The award for goofy but cute canine breed goes to pugs. They are small, wrinkly, and a delight to watch while they’re at work. An issue that most pug owners complain about is the smell.
Reasons for the foul smell could be anything from wrinkles to over-heating. Smells that go unattended or un-rectified get worse. Any off-smell which emanates from the pug is a source of concern. The only acceptable normal odor from the pug is the brief unpleasantness from flatulence.
So, if your question is, are pugs smelly: well, not always if they’re clean and healthy.
Where is the Smell?
The primary source of bad odor which envelopes the pug (and all dogs in general) originates from one of these regions:
- Mouth: Unlike us, canines have limited oral hygiene. They are not too fond of flossing or brushing before bedtime, every night. Given their bashful disregard for oral hygiene, smelly breath every now and then is expected. If the smell persists after brushing its teeth, the culprit could be tooth decay or there is a high chance of a foreign object stuck between the teeth. Smell which emanates from these conditions resembles that of rot. On the other hand, if the breath smells fruity or like urine, it is indicative of a serious medical condition like diabetes or renal failure.
Treating the Smell
If bad breath is due to poor oral hygiene, use good quality toothpaste or dental chews. Tooth infection is treatable by the vet, and on healing, the smell vanishes.
Apart from smelling rotten, tooth decay can infect the bloodstream if left unattended. Rule out all possible health complications by taking your pug for a total body check-up.
- Wrinkles: The trademark facial folds of a pug are also the favorite camping site for tic infection. Wrinkles is the most common source of bad smell and ranges from downright unpleasant to fairly passable, off-smelling odor. Over time, the small pockets underneath the folds accumulate debris of food. When the food is left there, it is sure to go stale. Mix that staleness with the natural odor of the pug; you have yourself a scent like no other. The added dampness and darkness of these pockets don’t make it any easier. Bacteria thrive in such regions and can lead to as skin infection. If you notice a strong must-like smell, it is probably a yeast infection. A yeast infection is also itchy. So if you notice your pug picking at the folds, have him checked for yeast infection, immediately.
Treating the Discomfort
How to clean pug wrinkles: gently open up the folds and spot the presence of the causative agent: either food or scabs. If you notice nothing amiss in the skin, wipe down the area gently with a moist paper towel. Expect some resistance from the little guy. He will surely not appreciate you digging into his face. Nevertheless, clean the area with a clean paper towel. You could also use an antibacterial facial wipe. Make this wiping-down routine a regular practice until he stops winning every time you touch his face.
On the other hand, if the smell gets stronger when you expose the skin, it may be an infection. It is undoubtedly painful for you to prod around with an inexperienced hand. Have a vet look at it instead and prescribe medications.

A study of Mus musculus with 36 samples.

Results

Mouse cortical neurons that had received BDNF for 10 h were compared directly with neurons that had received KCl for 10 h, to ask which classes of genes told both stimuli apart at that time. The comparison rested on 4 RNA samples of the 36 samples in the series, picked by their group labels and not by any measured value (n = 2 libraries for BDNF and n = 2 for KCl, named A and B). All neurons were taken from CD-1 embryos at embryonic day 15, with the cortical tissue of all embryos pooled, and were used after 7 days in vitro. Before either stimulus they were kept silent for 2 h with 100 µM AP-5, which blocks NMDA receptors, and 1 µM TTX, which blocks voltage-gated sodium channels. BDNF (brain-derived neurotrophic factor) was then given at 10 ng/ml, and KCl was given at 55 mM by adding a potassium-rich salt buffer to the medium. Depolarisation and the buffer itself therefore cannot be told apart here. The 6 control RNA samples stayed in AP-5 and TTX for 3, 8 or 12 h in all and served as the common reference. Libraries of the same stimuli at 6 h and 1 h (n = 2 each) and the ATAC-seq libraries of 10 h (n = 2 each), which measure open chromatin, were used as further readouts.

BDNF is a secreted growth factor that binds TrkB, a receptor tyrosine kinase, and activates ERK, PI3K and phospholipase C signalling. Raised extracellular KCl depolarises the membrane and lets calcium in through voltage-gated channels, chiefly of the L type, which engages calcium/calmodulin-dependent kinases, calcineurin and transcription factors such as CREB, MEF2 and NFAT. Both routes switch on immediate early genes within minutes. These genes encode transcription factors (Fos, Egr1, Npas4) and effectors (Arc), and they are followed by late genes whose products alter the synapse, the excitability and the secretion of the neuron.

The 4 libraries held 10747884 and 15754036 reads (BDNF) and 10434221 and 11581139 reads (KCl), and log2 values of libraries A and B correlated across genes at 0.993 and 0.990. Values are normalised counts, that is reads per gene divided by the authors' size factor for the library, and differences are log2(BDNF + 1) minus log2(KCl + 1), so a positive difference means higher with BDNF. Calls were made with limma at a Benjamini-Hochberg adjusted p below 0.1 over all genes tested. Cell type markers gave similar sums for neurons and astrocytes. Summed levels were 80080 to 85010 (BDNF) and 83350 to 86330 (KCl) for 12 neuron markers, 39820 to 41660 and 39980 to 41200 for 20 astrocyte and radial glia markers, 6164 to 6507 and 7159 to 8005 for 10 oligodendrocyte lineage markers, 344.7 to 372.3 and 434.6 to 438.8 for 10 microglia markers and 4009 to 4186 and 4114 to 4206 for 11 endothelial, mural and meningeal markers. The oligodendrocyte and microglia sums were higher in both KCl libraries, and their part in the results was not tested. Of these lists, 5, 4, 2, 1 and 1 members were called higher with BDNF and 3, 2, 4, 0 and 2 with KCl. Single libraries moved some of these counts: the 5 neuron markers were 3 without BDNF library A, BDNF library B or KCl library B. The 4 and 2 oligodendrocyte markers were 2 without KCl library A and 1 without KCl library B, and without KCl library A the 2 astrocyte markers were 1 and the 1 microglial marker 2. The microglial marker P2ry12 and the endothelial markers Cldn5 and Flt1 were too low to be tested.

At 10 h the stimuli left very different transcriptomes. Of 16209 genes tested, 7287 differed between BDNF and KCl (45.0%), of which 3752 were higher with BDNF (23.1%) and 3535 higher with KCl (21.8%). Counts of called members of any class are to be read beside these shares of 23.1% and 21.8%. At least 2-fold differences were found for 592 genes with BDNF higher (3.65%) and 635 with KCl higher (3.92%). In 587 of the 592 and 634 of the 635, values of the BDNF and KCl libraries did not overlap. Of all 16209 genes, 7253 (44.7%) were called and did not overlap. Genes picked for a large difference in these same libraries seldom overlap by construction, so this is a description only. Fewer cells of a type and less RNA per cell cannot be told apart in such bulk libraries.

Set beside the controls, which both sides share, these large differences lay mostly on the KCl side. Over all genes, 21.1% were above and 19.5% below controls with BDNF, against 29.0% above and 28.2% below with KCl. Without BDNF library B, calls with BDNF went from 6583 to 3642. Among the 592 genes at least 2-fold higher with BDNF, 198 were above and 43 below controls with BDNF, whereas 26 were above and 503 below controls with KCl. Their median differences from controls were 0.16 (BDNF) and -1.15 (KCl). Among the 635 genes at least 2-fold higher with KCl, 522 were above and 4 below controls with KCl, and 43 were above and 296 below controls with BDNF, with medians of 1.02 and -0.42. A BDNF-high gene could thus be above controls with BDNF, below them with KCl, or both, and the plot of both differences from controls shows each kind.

- Stinky body: If your pug smells exceptionally foul after playtime, it could just be because he was himself. He could have rubbed against the grass, or the physical activity could have triggered excess sebum production. Nothing like a bath to fix such unpleasant odors. Recommended frequency of bath time is once in three weeks or more, depending on the pug’s physical activity and age. Expect the smell to get stronger a week before the scheduled bath time. Another possible reason for bad body odor could be feces. The pug could have rolled over its feces or other sticky substances. The best approach is to bathe them immediately. The bath will detangle the coat and also clean the skin. Use a scented shampoo for a lingering fresh smell.
- A simple case of overheating: Yes, a dog’s body temperature is much higher than a human’s. A few breeds are more prone to overheating. Pugs cannot be left outside on a hot day. An extended walk on a moderately warm day is passable but a day out on a sunny day is a strict No-No. Why leave a breed meant to be a lap dog outside anyway? If your pug is panting heavily after coming inside, run him a bath or just enough water to splash around.
- Heat time: Particularly, female pugs can smell awful during heat season. The nauseous concoction of blood discharge mixed with water and endometrial tissue is stinky. Deal with the bad smell with a partial or a full bath. Dried remnants of blood and endometrial tissue can have a characteristic musty smell. If you’re using a doggy diaper, change it frequently. If left to stay on the whole day, the soiled diaper can lead to a UTI. An active UTI infection emanates an awfully strong odor.
- Paw patrol: If you detect a lingering bad smell, look at the paws. It could have stepped over something sticky. Ideally, the paws must be cleaned once a day or more. Clean the area between the toes and while you’re at it, wipe down the wrinkles as well.
- Anal gland stench: A set of glands on either side of the bottom regulates bowel movement in dogs. Dogs that have regular soft stools express these glands. These glands don’t express themselves in a few cases, and the feces accumulate within, emanating a distinctive odor. A change in diet can rectify an under-expressed anal gland.
If you cannot spot the reason and when the vet can’t find anything wrong with the pug, he is just stinky flatulence. These last only for a night, now and then.